Collision: The Puzzle of Chardin (pp. 8-15)
This paper addresses problems in the interpretation of Chardin’s still life paintings, which are disconcerting because they are so out of step with those of his contemporaries. It is suggested that, with the application of Kantian aesthetics, Chardin can be best understood as representing things in themselves as well as the limits of language and understanding.
This essay is a defense of Jean-Paul Sartre’s The Imaginary as a text which changes the direction of philosophical thinking regarding the image. Historically depreciated as a mere “copy” or “appearance” of a “reality” grasped through perception, the image is reconceived in Sartre’s text, which culminates in a revaluation of imagination as the condition of possibility for a human consciousness that always already transcends its situation towards something entirely other – what he calls “the imaginary.” Despite the metaphysical bias that clearly operates on Sartre’s thinking throughout The Imaginary and leads him to privilege perception over imagination, his work ultimately succeeds in nihilating the traditional thing-image binary. In effect, he imagines something other than his situatedness within the philosophical reality of his time, ushering in a thought of the imaginary through a creative encounter with nothingness. This thought could only occur spontaneously, for the advent of the imaginary is not produced in an act of will. Accordingly, this essay attempts to trace the movements of Sartre’s project in its transformative process.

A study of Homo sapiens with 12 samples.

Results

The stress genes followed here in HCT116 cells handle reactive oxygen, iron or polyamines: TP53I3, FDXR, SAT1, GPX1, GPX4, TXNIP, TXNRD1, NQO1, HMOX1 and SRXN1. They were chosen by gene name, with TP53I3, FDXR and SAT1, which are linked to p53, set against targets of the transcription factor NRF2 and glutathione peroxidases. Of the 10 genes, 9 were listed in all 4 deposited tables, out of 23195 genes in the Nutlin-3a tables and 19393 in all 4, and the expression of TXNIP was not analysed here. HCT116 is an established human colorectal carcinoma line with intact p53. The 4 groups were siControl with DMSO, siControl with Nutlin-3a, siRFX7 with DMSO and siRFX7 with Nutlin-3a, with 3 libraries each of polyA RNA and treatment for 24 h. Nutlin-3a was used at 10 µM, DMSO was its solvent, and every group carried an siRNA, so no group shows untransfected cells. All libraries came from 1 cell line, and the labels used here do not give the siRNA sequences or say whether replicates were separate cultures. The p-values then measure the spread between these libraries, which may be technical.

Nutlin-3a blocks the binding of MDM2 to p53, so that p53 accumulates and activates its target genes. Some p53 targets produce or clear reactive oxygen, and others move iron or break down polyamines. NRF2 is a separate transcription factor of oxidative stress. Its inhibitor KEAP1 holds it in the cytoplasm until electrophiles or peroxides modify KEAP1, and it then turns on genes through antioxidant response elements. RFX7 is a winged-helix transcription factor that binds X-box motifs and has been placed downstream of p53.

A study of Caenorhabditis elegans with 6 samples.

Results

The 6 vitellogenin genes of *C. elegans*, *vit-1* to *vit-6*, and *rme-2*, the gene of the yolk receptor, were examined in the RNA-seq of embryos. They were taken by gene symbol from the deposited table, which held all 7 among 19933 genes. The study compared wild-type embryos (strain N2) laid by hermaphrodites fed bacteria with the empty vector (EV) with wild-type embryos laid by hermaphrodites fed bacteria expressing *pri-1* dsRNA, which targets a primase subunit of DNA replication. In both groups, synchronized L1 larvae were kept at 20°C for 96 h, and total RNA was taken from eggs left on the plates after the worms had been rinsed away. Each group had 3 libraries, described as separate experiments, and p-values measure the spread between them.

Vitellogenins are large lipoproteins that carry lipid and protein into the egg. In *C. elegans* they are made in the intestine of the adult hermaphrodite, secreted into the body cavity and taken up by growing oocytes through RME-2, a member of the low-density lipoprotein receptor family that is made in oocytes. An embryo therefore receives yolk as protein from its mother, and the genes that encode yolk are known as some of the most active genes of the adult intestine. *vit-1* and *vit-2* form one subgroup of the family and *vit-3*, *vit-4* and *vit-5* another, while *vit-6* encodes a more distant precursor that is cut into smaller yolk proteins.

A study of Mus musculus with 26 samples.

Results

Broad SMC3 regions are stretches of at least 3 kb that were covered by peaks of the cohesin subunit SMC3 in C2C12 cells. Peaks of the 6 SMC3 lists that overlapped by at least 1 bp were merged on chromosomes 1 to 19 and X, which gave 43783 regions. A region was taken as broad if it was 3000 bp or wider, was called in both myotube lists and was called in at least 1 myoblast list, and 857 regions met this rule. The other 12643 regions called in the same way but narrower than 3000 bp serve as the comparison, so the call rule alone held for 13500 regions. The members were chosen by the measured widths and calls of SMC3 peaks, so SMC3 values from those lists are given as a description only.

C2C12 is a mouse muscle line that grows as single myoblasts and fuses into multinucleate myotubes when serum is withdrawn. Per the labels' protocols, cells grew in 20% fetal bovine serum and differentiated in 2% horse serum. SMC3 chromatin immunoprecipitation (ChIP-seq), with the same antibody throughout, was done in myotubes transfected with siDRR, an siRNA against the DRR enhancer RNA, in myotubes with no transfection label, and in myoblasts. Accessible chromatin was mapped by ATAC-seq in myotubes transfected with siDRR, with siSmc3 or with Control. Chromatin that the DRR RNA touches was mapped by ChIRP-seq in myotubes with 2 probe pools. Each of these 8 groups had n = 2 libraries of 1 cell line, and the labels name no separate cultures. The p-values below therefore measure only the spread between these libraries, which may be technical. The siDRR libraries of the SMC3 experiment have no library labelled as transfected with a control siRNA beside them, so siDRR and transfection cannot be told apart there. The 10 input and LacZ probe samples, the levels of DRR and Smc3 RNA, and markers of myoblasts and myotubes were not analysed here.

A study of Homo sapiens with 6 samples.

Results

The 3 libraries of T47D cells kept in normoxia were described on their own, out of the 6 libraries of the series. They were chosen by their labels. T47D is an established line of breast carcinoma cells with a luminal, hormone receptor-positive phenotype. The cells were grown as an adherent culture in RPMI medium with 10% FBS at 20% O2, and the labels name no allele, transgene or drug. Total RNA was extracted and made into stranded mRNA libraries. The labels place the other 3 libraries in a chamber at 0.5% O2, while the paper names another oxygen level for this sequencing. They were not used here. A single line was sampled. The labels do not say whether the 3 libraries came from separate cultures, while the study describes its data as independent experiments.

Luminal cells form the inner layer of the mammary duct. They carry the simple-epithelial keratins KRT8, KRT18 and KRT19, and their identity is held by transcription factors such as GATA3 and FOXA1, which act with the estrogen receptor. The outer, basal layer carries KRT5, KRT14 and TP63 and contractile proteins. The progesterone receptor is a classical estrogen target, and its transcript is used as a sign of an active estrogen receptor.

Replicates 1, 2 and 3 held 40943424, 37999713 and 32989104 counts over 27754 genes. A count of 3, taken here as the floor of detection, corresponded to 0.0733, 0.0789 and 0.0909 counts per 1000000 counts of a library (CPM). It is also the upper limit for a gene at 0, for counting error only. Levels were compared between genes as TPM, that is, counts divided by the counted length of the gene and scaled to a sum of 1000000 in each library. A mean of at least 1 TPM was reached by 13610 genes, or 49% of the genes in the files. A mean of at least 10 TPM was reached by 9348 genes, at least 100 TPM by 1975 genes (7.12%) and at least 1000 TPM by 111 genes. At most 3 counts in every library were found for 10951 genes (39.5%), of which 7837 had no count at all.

This paper considers Jacques Rancière’s influential theory of the relation between aesthetics, politics, and art. First, it synthesizes Rancière’s theory. Second, it offers a critical perspective of Rancière’s conception of the autonomy of art in relation to his theory of politics and aesthetics. In doing so, the purpose is to work towards the development of a theoretical base in which we may follow Rancière’s theory of the relation between aesthetic experience and politics whilst avoiding compliance with his relatively fixed and structural notion of the autonomy of art as an attribute of what he calls the aesthetic regime of art. Drawing a distinction between the autonomous experience of the work of art and the ideology of the autonomy of art, this paper argues that the prior comes about both within and in opposition to the latter: the autonomy of art hinges on a relative and relational production of a singularity, not on a structural and defining separation of art from the world of habitual aesthetic experience.